Pamela Daley Whelton named President of South Shore Hospital
Pamela Daley Whelton has been named President of South Shore Hospital and Executive Vice President of South Shore Health. Whelton is a lifelong resident of Weymouth and has been with the health organization for the past 22 years. She is the first female president in the hospital’s 97-year history.
As president, Whelton is responsible for all facets of the hospital’s performance and operation. She most recently served as Chief Operating Officer and previously as Chief Administrative and Financial Officer.
"Good business leaders create a vision"
My vision begins with providing the highest quality acute care services, in the most cost-efficient manner, for the well-being of the communities we serve. It calls for me and my colleagues at South Shore Hospital to be innovative and nimble to keep pace with today’s rapidly changing health care environment.”
Whelton joined South Shore Hospital in 1997 as a Financial Analyst and was subsequently promoted to Director of Finance and Physician Services; Vice President of Physician Development and Recruitment; and Senior Vice President/Physician and Network Development. Prior to joining South Shore Hospital, Whelton worked in the utility industry for more than 16 years in multiple positions.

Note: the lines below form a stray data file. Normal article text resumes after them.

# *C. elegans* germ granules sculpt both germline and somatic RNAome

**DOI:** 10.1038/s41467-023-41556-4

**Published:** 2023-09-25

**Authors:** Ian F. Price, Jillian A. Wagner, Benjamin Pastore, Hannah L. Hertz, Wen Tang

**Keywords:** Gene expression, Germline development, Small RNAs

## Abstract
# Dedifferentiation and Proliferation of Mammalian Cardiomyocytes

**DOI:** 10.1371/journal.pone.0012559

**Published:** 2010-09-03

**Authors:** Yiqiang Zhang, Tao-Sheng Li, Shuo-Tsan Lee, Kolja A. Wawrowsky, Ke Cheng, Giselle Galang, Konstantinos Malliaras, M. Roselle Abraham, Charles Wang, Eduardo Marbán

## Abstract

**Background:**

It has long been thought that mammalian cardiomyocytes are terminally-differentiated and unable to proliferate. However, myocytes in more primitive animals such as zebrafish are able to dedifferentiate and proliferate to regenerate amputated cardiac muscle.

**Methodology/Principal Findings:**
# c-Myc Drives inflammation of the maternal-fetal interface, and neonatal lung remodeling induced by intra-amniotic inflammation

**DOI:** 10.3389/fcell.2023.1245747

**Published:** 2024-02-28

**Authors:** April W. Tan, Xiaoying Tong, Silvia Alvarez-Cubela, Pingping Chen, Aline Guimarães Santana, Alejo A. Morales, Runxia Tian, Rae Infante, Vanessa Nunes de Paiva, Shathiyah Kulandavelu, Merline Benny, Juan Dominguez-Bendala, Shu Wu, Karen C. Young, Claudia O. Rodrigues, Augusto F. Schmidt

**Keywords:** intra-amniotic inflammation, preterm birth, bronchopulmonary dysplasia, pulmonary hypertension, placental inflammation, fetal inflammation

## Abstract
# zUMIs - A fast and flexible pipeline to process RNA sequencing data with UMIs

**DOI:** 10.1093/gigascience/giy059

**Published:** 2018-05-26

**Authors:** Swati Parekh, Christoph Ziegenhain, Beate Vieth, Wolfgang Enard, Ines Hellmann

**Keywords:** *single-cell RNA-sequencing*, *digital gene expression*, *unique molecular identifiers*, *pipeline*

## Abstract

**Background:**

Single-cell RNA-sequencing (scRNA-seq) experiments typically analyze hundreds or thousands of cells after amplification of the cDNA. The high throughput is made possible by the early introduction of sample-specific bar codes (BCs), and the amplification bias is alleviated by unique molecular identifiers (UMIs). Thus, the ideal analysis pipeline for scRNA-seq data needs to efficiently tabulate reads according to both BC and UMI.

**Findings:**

“Pam brings strong and comprehensive experience in many facets of health care, and combines that with a passion for our patients, physicians and colleagues,” Gene E. Green, MD, MBA, President & CEO, South Shore Health said. “The culmination of Pam’s outstanding contributions and successes made her the natural choice to lead the Hospital.”
In addition to her years of service with South Shore Hospital, Whelton has a deep connection to the community. She grew up just a few miles from the hospital where she once worked as a “candy striper” volunteer.
“I’m very excited to lead South Shore Hospital, part of South Shore Health, working with my colleagues across the system as it continues to grow into one of the largest independent community health systems in Massachusetts,” Whelton said.